18 okt. 2016
A women who fears her life is being devastated by WiFi and mobile telephone signals is launching her own campaign in Totnes to try to warn the public of the dangers.
Rosi Gladwell has been forced to banish WiFi and mobile telephones from her Littlehempston home since she realised four years ago she was suffering from a sensitivity to electromagnetic radiation, leaving her with migraines and breathing and heart problems.
The 67-year-old cannot stay in hotels or eat at restaurants because WiFi has now become so widespread and the impact of the radiation leaves her so ill.
In a recent touring holiday in Europe she had to sleep in the car and on people’s verandas to escape the radiation, she explained.
Now Ms Gladwell is trying to link up with other concerned groups in the Totnes area to try to get a warning message out to people.
She is planning to hand out warning leaflets to people in the town’s civic square during the busy Friday and Saturday market days.
‘I want people to know that they have to protect themselves,’ said Ms Gladwell, who fears that the dangers of electromagnetic radiation are being hidden and ignored, similar to asbestos and cigarettes in the past.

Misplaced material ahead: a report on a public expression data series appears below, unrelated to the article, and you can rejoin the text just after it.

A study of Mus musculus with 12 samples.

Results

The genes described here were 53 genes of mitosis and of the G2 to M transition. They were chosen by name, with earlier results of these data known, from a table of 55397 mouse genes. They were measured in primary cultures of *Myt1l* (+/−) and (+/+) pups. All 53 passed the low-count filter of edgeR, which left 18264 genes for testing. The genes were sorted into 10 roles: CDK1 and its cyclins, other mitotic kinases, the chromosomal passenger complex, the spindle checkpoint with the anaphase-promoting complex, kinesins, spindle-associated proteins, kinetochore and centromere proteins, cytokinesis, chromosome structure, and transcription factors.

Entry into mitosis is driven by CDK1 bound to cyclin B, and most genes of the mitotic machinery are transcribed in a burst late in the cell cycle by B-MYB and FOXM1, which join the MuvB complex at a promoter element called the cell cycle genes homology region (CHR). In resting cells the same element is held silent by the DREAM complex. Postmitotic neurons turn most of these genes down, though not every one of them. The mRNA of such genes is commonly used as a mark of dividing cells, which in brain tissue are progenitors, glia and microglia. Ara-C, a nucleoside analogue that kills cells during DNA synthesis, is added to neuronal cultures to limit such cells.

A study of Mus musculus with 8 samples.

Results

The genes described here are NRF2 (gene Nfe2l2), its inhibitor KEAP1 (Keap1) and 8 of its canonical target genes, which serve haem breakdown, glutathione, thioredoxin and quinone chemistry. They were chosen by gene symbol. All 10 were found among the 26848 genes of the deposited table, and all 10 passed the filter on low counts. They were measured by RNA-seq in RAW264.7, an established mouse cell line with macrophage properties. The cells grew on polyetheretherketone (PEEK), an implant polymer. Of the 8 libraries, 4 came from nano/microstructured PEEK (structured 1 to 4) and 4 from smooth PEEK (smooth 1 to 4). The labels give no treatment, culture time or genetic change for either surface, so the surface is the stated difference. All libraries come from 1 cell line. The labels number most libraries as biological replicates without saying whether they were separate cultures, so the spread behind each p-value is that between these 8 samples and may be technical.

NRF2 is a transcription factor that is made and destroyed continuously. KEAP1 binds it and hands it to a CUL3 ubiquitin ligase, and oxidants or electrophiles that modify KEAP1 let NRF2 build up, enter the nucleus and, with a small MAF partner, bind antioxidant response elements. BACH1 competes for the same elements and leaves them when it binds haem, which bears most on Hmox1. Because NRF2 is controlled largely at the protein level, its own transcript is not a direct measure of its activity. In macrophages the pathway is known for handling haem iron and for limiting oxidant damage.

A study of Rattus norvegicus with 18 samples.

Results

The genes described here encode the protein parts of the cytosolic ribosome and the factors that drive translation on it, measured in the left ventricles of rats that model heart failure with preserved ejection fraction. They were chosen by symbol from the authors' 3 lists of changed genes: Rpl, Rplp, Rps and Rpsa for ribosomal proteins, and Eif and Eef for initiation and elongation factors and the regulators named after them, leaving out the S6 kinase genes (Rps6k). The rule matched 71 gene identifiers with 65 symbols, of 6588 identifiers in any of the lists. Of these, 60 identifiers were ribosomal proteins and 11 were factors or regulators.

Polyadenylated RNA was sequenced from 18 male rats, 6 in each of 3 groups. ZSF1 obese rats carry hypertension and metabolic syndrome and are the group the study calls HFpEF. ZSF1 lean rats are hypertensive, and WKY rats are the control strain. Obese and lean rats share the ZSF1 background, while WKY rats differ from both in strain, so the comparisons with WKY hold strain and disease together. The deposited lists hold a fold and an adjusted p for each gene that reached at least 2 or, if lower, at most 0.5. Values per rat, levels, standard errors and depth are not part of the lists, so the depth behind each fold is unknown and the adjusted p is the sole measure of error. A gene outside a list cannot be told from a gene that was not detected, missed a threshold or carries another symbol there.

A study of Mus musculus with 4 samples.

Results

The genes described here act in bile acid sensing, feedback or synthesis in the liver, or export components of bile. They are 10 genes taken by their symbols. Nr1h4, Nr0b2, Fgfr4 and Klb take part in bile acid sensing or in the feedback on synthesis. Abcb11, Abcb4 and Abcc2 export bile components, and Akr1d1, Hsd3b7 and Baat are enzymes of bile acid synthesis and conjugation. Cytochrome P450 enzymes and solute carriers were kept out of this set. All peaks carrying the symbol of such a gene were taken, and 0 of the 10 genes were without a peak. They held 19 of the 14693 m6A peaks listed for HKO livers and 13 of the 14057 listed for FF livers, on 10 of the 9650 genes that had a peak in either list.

‘I had no idea I was sensitive to electromagnetic radiation until four years ago, when I spoke to someone who was suffering and my symptoms were the same,’ she explained. ‘It appears that up to three or four per cent of world’s population is sensitive. It’s unsafe, and people should take the minimal precautions of having no WiFi in the bedroom and to switch everything off at night because the body regenerates itself at night.’
Ms Gladwell said the affect of the radiation leaves her with increased heart rhythms, migraines, an inability to breath properly and in severe cases pins and needles in her face.
She pointed out that, while she does have a computer at home, it is connected via a landline and she only uses a corded landline telephone.
‘The impact is cumulative. If I spend a lot of time in the house, which is totally WiFi-free, and then go out and come into contact with it, I can be all right for around an hour,’ she said. ‘But it’s getting worse and worse because the signals are getting stronger.’
She said she has a specially made sleeping bag that she can use at hotels and has invested in a meter that can tell her where the safest seat is in places such as restaurants.
She is concerned that she may not be able to visit her 98-year-old father in Kent because she became so ill during her most recent trip there.
She said during her journey through Europe she was only able to stay in some larger hotels where she could have a room furthest away from the WiFi routers, or places such as a town in Poland where there was no WiFi at all.
She is hoping to find similarly concerned groups or individuals in Totnes who could help her get her message across.
‘This is such a serious issue and I really don’t know how to go about bringing it to the public’s notice and to help people,’ she said.
Anyone who can help can contact Ms Gladwell at firstname.lastname@example.org.